Inboard ski boats are easier to dock than ever, thanks to new rudder and joystick systems.
For the uninitiated, docking a direct-drive ski boat can be a humbling experience. What makes it different from sterndrive- or outboard-powered boats is that the prop stays fixed in one direction and relies on a rudder — positioned behind the prop — for directional control. Sterndrives and outboards allow drivers to move the direction of thrust, which allows them far greater flexibility in docking situations.
Virtually all inboard ski boats have a left-hand prop, so in reverse their prop torque will pull to starboard, which is great for pulling up to a dock on the right side of the boat. Just approach the dock at a 45-degree angle and when the bow gets close to the dock, put the boat in neutral, spin the wheel to the right and gently engage reverse, which will suck the stern against the dock and straighten the boat to parallel … if it’s done exactly right. Forget backing in a straight line or pulling up to a portside dock with any semblance of grace.
That has changed. At the 2017 Miami International Boat Show in February, boat builders and an engine manufacturer introduced two new systems that make docking a direct-drive ski boat really easy, even for rookies.
Joystick Piloting for Inboards (JPI)
Mercury has had a decade of joystick experience, starting in 2007 with the Zeus diesel/pod system, followed by Axius for gas sterndrives in 2008. But never has this technology extended to single primary engine operation, until the unveiling of the JPI system. It was first seen on a Sea Ray 230 SLX-W, a wakesurfing-capable watersports boat powered by a MerCruiser 370 hp 6.2L with a V-drive propulsion system. What makes JPI work is a computer system that coordinates the MerCruiser engine with bow and stern thrusters, making virtually any desired maneuver achievable, even walking the boat directly sideways.
The JPI system activates when the boat is put in neutral. A green ring of lights around the joystick activates, to let the driver know the system is engaged. The light show continues when the driver presses the joystick in a direction and the color on that side turns to amber. Twisting it spins the boat in its own length, and the lights rotate in that direction. To switch control back to the boat’s standard control system, put the boat in gear and the lights go off.
Interestingly, the JPI system can use bow and stern thrusters built by Vetus or Side-Power to help it maneuver. While the force provided by the main engine is in proportion to how far one tilts or twists the joystick, the thrusters are on/off only, which makes fine adjustments slightly more difficult. But it works as advertised and has a very short learning curve. Five minutes of practice will have any driver feeling confident making any maneuver, including easing over to downed skiers. One of the only downsides is the $12,500 price tag, which on a smaller boat is proportionally quite a bit.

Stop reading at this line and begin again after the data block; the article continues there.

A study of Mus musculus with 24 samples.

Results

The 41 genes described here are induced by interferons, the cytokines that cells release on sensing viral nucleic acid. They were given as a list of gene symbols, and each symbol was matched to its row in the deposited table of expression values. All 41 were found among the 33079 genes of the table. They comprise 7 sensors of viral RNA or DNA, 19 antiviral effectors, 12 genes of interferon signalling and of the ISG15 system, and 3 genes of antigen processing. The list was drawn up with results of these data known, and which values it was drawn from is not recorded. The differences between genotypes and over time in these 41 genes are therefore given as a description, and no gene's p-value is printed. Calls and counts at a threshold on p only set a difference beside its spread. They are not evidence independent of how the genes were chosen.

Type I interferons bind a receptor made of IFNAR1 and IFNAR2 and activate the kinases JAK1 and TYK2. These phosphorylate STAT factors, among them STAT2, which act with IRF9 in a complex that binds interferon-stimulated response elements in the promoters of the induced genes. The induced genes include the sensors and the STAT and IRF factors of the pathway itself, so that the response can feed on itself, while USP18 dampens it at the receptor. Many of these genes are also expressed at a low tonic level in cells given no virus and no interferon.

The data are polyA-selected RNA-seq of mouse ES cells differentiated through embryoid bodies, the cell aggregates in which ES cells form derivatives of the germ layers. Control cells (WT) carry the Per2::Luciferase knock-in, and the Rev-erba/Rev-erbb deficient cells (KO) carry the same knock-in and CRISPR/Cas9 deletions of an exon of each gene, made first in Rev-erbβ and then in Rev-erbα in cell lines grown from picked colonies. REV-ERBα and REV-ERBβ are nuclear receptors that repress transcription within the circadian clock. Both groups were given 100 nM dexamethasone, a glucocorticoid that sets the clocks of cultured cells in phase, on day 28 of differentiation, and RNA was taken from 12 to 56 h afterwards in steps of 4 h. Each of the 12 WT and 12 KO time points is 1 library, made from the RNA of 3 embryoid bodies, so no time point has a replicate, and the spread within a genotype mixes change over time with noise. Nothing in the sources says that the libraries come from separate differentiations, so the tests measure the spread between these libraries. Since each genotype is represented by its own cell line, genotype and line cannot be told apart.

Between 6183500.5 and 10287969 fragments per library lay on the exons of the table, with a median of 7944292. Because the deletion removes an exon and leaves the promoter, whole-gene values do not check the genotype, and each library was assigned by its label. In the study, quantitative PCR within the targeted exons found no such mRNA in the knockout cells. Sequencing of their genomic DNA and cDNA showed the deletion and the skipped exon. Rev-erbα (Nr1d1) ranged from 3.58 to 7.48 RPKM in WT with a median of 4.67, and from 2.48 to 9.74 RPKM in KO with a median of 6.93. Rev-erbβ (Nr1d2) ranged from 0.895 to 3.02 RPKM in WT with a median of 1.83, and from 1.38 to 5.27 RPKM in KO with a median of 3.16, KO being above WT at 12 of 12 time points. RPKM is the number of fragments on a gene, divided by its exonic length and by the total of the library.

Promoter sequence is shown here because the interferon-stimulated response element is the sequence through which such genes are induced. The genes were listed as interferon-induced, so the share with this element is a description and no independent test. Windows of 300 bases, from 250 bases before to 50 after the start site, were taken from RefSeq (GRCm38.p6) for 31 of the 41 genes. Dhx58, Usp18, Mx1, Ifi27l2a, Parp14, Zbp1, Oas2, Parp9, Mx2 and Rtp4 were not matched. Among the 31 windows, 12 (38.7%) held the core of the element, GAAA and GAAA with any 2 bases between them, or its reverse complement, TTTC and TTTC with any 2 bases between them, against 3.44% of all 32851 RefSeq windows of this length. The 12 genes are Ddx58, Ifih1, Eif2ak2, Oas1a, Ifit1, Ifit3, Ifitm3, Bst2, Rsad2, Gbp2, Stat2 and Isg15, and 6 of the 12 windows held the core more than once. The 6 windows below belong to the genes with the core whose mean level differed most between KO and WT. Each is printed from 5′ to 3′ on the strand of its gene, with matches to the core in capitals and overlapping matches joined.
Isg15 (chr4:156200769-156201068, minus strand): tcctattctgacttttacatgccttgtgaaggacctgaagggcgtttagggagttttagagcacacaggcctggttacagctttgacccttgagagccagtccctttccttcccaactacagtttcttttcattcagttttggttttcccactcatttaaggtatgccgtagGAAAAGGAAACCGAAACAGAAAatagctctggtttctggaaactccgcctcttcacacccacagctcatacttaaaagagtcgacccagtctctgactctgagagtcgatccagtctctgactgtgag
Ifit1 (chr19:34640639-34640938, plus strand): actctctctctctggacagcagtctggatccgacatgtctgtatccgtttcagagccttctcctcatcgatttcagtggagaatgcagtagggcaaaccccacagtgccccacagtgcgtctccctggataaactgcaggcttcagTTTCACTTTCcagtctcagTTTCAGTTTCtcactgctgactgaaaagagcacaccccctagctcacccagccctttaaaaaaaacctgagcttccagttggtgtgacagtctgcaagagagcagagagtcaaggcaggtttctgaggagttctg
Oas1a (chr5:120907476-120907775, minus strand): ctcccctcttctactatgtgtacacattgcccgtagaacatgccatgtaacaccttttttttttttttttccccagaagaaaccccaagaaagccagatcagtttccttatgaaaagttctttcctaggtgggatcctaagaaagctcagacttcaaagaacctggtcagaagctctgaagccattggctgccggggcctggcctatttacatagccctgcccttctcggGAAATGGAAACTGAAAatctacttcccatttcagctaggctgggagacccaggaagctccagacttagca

MasterCraft attacked direct-drive boats’ steering problem in a totally different fashion. In forward, the static runner/rudder system on a ski boat works like a champ, as wash from the prop blasts the rudder and provides plenty of force to effect turns. Add tracking fins to eliminate slide, and most ski boats can generate some serious Gs while being cranked hard over. But in reverse, the thrust pushes away from the rudder, making it more of an ornament than a steering device. MasterCraft designers placed two smaller rudders in front of the prop and, voila, drivers now have directional control when the boat’s in reverse. The extra rudders are an adaptation of tugboats’ flanking rudders, which have a similar configuration and have been in use for years, so it’s surprising this clever idea took so long to appear on recreational boats. Even paddleboats in Mark Twain’s era had rudders in front of the wheel for use when reversing course.
There is, however, a big difference between the old school flanking rudders and DockStar’s setup. On tugboats, the aft rudder(s) and fore rudders don’t act at the same time, but MasterCraft’s designers found a way for all three rudders to act in concert to enhance steering in all maneuvers. The builder has applied for a patent for the system.
So how well does it work? The first test was trying to back it in a straight line — an impossible maneuver on a standard direct-drive ski boat, due to prop torque. I put the drive-by-wire shift on the XT-23 in reverse and promptly oversteered it, which most drivers will do, until I learned to make small corrections. But in just a few minutes I was able to make it back up in a perfectly straight line — and even to port. So no longer will drivers have to bail on a dock because it’s on the “wrong” side. The Boating Writers International judges gave this one the Innovation Award in the Tow Boat category for its effectiveness. DockStar will be available on most of MasterCraft’s 2017 lineup, and the fact it only costs around $1,500 makes it a no-brainer option.